1 agosto 2009

Perfume and its container (1/2)

Some time ago, the topic named "Chypre" I asked Claudio, architect and designer who follows this blog, if he thinks there are bottles now able to do justice to their content. Bottles, i.e., where the content and the container tell of the same aesthetic vision, or which have the same level of design. Both in commercial perfumery and in artistic, clearly. So Claudio wrote a report (necessarily brief and not exhaustive in the least, but rich in stimuli) to explain his vision of this issue. I immediately asked if I could publish it to share with you all. Claudio was nice and said yes, and here's to you the first part of his report. Tomorrow we'll talk about today's bottles.

"The design of perfume bottles evolved parallel to taste and styles defining the different eras: design has always been influenced by stimuli and moods en vogue in the society. Also, scents have been related to alchemy, its alembics and mysterious looking containers: a paradigmatic bottle is Hammam Bouquet by Penhaligon's, a Victorian bottle of great refinement. Art Nouveau and Neoclassical forms characterize the first major Guerlain successes like Jicky and Eau de Cologne Impériale, which lay foundations for a highly decorative design.

Déco style, to the highest degree of formal sophistication, belongs to Chanel perfume bottles, whose simplicity well embodies the spirit of the time. The same representative strength is featured also in the austere bottle of Ten by Knize produced by Ernst Dryden, a designer, Gustav Klimt’s student, whose “dry” style certainly pleased Adolf Loos, the key-architect of Vienna in the twenties who designed the Knize boutique (fine men's garments and tailoring).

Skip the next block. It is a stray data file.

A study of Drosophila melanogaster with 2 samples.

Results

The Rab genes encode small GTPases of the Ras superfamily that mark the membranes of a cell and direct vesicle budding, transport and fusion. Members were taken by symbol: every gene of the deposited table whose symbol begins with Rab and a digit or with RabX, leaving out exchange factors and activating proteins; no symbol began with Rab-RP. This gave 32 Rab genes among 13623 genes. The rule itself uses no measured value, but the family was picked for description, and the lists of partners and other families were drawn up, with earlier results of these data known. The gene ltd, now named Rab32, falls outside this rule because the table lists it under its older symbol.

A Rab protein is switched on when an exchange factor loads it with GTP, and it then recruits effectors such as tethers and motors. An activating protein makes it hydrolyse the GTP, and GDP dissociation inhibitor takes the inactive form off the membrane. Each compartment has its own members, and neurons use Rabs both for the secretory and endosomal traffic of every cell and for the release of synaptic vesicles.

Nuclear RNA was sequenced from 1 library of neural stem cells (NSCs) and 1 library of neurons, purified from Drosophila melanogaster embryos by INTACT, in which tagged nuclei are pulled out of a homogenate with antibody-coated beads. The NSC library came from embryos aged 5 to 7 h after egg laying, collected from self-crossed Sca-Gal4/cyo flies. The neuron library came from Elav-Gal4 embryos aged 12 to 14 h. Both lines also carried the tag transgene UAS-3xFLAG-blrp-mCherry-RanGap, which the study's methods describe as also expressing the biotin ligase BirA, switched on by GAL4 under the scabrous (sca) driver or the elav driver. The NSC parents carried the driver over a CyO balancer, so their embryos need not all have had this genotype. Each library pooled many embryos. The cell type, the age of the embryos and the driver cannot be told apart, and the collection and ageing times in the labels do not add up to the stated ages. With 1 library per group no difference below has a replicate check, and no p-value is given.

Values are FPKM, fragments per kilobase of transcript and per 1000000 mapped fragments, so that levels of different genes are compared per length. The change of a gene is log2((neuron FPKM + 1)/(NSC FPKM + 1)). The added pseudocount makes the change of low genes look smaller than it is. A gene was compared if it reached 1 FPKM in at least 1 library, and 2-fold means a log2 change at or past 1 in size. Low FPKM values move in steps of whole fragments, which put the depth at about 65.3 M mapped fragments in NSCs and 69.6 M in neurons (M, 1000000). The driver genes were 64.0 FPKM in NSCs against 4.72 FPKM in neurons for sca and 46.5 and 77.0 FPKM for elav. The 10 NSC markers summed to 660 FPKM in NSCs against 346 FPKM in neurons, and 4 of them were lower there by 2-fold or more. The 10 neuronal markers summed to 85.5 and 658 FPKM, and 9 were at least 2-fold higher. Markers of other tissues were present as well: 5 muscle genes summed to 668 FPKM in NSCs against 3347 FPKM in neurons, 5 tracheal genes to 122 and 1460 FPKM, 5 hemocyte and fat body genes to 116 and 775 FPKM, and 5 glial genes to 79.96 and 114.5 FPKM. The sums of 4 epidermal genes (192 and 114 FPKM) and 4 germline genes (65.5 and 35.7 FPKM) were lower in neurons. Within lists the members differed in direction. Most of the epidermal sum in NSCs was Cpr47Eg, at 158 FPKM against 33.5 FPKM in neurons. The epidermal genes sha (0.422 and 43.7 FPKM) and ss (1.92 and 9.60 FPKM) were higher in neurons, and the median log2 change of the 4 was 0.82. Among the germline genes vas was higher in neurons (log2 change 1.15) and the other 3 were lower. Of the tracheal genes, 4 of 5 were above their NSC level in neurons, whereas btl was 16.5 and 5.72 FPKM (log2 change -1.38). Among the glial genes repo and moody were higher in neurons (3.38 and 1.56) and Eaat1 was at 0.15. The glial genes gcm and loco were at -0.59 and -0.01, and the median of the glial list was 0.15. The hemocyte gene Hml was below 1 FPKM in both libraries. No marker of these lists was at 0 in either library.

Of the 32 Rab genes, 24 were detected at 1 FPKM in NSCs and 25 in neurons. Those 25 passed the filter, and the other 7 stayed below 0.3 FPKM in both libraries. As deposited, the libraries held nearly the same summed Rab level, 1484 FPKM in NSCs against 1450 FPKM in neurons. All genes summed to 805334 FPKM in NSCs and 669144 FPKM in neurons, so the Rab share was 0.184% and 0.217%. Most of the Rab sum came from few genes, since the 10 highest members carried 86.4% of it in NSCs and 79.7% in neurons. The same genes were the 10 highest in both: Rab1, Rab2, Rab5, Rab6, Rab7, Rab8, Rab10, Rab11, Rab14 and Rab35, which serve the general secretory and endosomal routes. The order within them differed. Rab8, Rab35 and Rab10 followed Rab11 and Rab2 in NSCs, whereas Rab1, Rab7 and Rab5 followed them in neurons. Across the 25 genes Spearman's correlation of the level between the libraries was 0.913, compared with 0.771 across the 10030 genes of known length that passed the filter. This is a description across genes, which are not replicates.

The '20s were filled with esoteric culture and alchemy was back in fashion thanks to the legendary Fulcanelli, a mysterious alchemist working in Paris in those years who then disappeared into thin air forever. Coty, Guerlain and Caron imposed a design evoking luxury and voluptuous chemical mysteries in a still unsurpassed way.

In the meantime, the great jewelry designer René Lalique was giving a more sensual interpretation of the déco style, and his crystals soon became the state-of-the-art in the field of containers for womens’ cosmetics. In 1905 he opened his first workshop in Place Vendôme, where he started collaborating with François Coty and in 1908 created perfume containers of great beauty, which were fundamental for the success of Coty fragrances as a symbol of luxury and unrivalled refinement.

In 1909 Lalique further refined his style by a creative use of pharmaceutical technologies. Apart from Coty, Lalique designed perfume bottles also for D'Orsay, Guerlain, Houbigant, and Roger&Gallet.

In the'40s déco style features were softer and more aerodynamic, with an aesthetics borrowed from war, where bomb warheads shapes took sensual connotations (pic: Evening in Paris).

The ‘60s saw the birth of a new style, free of all past clichés, which produced lightweight containers: thin glasses, travel-style, less sturdy bottles. Perfume was all about freedom (Eau Sauvage) thus losing its crepuscular and mysterious mood to start radiating desire to live the moment.

The last thirty years of the twentieth century haven’t produced substantial renovations in the bottles design (except, as an example, perfumes Dali, whose bottle design recreates the style of the great Surrealist master); aesthetics was somehow arbitrary and in the best case it reflected past styles."

Pictures from: Perfume Posse, 1000 Fragrances etc. Click on the images to access. No-link pics are mine.